A ‘robot priest’ designed to teach prayer, sermons, and advise Catholic worshippers in the Polish city of Warsaw raises controversy about how science is advancing to replace man’s divine connection to God.
A BBC documentary released on Saturday, October 23, entitled “God and robots: Will AI transform religion?” It shows people inside Warsaw’s St. John Paul II Church interacting with a robot, loaded with information about religion in its memory bank to impart Catholic doctrine.
The Artificial Intelligence (AI) machine is called “SanTO,” an abbreviation for “Sanctified Theology Operator.” It has an image resembling a Catholic saint statue and was designed by Gabriele Trovato, an Italian robotics researcher, who said he decided to build it to help people pray.
Although the BBC presented the ‘Catholic robot’ as a new invention created by Trovato to assist believers in the COVID-19 pandemic, The Wall Street Journal reported in a March 2019 article, Trovato presented SanTO at a sacred art exhibition in Rome in February 2018.
“It was clear to me last year during the lockdown, when many people started to complain they couldn’t go to church, that a machine like SanTO could give a hand,” Trovato told the BBC.
The documentary, showed BBC reporter Sofia Bettiza and a woman asking questions of the robot, which is programmed to answer by quoting the Bible. Bettiza said parishioners were open to the idea of a “Catholic robot,” although most said they still “preferred a human priest,” Life Site News reported.
Meanwhile priest Slawomir Abramowski, said the robot or artificial intelligence could be used to help people understand the Church’s teachings, although he noted that not to replace the priest, because he has no soul. And when asked about whether he believed a robot could officiate at a wedding, he replied that this “is impossible.”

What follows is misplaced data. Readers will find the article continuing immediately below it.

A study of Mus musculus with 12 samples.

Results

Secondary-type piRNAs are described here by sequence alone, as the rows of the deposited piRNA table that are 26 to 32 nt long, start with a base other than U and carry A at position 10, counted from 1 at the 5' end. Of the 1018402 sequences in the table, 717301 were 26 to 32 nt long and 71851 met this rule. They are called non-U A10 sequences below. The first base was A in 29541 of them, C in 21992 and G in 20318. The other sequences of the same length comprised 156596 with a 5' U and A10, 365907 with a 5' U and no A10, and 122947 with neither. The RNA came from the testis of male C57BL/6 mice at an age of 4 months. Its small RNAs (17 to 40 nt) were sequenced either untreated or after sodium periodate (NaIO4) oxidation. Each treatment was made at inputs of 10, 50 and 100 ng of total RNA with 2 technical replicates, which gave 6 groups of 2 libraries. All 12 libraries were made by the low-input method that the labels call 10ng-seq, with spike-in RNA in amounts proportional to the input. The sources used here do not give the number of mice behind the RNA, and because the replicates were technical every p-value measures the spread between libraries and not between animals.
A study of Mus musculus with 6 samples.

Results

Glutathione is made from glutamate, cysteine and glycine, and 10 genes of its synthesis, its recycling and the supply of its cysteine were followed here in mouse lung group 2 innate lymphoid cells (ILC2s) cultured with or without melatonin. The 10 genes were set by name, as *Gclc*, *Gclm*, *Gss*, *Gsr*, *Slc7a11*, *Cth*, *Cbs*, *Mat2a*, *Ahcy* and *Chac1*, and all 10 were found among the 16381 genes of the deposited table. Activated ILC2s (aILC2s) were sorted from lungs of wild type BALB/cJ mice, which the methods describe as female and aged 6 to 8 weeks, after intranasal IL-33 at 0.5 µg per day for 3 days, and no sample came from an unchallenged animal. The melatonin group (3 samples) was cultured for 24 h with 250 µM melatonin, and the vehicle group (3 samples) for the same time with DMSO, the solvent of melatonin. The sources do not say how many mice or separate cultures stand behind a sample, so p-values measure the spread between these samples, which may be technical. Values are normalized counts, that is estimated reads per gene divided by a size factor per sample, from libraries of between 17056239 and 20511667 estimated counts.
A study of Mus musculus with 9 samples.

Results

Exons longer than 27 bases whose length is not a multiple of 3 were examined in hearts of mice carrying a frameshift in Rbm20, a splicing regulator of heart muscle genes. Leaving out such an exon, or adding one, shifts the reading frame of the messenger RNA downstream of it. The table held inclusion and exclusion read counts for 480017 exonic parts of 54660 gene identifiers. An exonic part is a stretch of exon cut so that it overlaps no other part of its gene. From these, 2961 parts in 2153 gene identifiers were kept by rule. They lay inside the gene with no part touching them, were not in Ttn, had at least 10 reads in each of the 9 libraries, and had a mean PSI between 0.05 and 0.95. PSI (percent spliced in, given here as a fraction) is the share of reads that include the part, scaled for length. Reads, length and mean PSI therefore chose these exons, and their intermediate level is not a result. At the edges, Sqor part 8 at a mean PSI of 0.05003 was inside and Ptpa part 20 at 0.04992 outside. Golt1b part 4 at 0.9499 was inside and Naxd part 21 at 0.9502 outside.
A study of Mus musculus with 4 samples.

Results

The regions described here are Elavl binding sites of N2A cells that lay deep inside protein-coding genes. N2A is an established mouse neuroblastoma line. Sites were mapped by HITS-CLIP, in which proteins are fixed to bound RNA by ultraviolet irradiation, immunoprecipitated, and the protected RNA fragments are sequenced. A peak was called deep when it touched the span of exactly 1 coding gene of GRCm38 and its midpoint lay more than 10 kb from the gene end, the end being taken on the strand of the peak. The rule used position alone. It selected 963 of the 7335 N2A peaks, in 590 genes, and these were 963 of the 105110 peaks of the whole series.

But controversies over AI in religion are not new. In 2016, a Buddhist temple outside Beijing controlled by the atheist Chinese Communist Party featured a “robot monk” chanting mantras and explaining tenets of religious doctrine, reported The Guardian.
In Kyoto, Japan, a robot named “Mindar,” covered in silicone to look more like a human and designed to resemble the Buddhist deity Gwan Yin, was placed in a 400-year-old temple.
Meanwhile, to commemorate the 500th anniversary of the Lutheran reform of the Church in Germany, a “robot priest” called BlessU-2 was presented, which “blessed” believers in five languages: German, English, French, Spanish or Polish.
A machine with artificial intelligence without soul or spirit imparting religious doctrine in temples and “speaking of faith,” clearly shows the deterioration of religious institutions, which use limited human science in the spiritual field, interfering in the connection of the human being with God.